One form of elder abuse and neglect that has become all too common these days is allowing elderly residents of nursing homes and assisted living facilities to develop infections. This often occurs due to lack of proper care, which can happen if these homes are understaffed.
In California, there is a recent trend in nursing homes and other long-term care facilities toward allowing lower sanitation standards. This has begun to cause a number of problems for nursing home residents, including a rise in infections.
California Long-Term Care Facility Conditions
Nearly 90% of nursing homes in the state of California have received citations for infection control violations. According to the LA Times, repeat citations for these homes are common, but disciplinary action as a result of these findings is rare. Across the country, just one out of every seventy-five homes with deficiencies received a high-level citation with a financial penalty.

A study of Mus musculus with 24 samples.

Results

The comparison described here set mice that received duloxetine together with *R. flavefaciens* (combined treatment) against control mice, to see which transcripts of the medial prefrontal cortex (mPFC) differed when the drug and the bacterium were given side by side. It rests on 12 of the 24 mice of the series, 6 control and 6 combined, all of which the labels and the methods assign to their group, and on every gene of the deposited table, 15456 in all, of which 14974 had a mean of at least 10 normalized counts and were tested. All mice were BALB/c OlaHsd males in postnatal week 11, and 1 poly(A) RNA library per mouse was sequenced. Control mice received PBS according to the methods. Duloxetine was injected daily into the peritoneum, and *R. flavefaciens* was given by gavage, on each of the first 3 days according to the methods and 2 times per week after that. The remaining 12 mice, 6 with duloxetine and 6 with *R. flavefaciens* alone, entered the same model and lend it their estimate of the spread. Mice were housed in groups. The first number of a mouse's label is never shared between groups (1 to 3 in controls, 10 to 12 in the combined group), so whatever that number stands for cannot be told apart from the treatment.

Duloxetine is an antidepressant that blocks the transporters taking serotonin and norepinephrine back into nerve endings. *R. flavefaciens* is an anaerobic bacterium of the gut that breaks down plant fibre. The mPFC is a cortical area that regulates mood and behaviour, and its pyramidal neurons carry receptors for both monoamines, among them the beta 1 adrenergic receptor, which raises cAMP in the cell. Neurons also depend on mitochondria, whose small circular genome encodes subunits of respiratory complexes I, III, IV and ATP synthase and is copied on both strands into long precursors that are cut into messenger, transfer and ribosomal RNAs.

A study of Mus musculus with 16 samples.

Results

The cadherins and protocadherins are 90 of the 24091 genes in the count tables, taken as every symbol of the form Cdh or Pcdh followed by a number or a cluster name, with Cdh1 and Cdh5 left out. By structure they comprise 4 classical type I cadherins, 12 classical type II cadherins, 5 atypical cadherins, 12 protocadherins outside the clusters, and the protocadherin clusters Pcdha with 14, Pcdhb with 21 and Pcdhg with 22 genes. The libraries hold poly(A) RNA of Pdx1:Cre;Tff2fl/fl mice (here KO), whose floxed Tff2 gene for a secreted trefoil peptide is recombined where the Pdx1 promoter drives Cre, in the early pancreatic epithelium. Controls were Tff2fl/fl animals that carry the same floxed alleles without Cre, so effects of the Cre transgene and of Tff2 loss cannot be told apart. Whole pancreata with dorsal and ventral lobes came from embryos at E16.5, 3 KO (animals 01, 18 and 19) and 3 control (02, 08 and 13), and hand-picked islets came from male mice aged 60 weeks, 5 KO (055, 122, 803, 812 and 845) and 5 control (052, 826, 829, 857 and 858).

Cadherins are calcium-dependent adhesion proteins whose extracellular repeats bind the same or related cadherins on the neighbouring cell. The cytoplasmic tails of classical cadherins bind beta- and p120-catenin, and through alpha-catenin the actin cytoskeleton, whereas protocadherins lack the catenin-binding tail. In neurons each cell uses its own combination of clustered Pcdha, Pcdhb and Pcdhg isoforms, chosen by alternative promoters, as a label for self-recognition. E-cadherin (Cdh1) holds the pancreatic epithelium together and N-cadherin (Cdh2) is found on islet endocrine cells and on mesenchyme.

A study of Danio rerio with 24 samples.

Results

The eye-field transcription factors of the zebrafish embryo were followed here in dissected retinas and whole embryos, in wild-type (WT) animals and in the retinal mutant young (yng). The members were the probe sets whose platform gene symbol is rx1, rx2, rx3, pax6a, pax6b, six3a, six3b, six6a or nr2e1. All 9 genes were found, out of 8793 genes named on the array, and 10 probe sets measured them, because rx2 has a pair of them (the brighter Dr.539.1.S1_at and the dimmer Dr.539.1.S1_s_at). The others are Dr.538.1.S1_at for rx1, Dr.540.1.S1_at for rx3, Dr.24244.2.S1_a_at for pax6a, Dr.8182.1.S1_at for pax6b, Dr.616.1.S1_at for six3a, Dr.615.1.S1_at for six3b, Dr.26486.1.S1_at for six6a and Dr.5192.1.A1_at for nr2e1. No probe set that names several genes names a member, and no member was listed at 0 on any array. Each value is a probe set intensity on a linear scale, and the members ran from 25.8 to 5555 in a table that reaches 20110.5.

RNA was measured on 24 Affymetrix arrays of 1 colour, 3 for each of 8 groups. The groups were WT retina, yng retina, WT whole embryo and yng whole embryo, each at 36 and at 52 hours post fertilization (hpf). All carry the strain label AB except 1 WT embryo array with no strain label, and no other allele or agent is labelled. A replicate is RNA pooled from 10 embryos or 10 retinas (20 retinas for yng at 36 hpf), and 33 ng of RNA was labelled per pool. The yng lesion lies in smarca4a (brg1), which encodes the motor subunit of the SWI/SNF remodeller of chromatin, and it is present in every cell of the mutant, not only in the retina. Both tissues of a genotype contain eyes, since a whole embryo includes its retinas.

This is a huge problem because infection control violations are being discovered, but nothing is being done to fix these issues. Without financial and other penalties, these nursing homes have no incentive to fix the problems that lead to these infection control violations.
What Can Be Done to Help Reduce Nursing Home Neglect and Infections in California?
When citations to nursing homes for violations of infection control guidelines have no consequences, the problem can only get worse. One way to fight back is to be vigilant about the conditions you or your elderly loved one is facing in nursing homes and other long-term care facilities. If you see something concerning, it is important to report it. If you or a loved one experienced injuries as a result of an infection in a nursing home, you may be entitled to compensation. Contact us today at The Peck Law Group to schedule a consultation and get more information regarding your legal rights.
About the Author
Attorney Adam Peck has been practicing law since 1981. A former successful business owner, Mr. Peck initially focused his legal career on business law. Within the first three years, after some colleagues and friend’s parents endured nursing home neglect and elder abuse, he continued his education to begin practicing elder law and nursing home abuse law.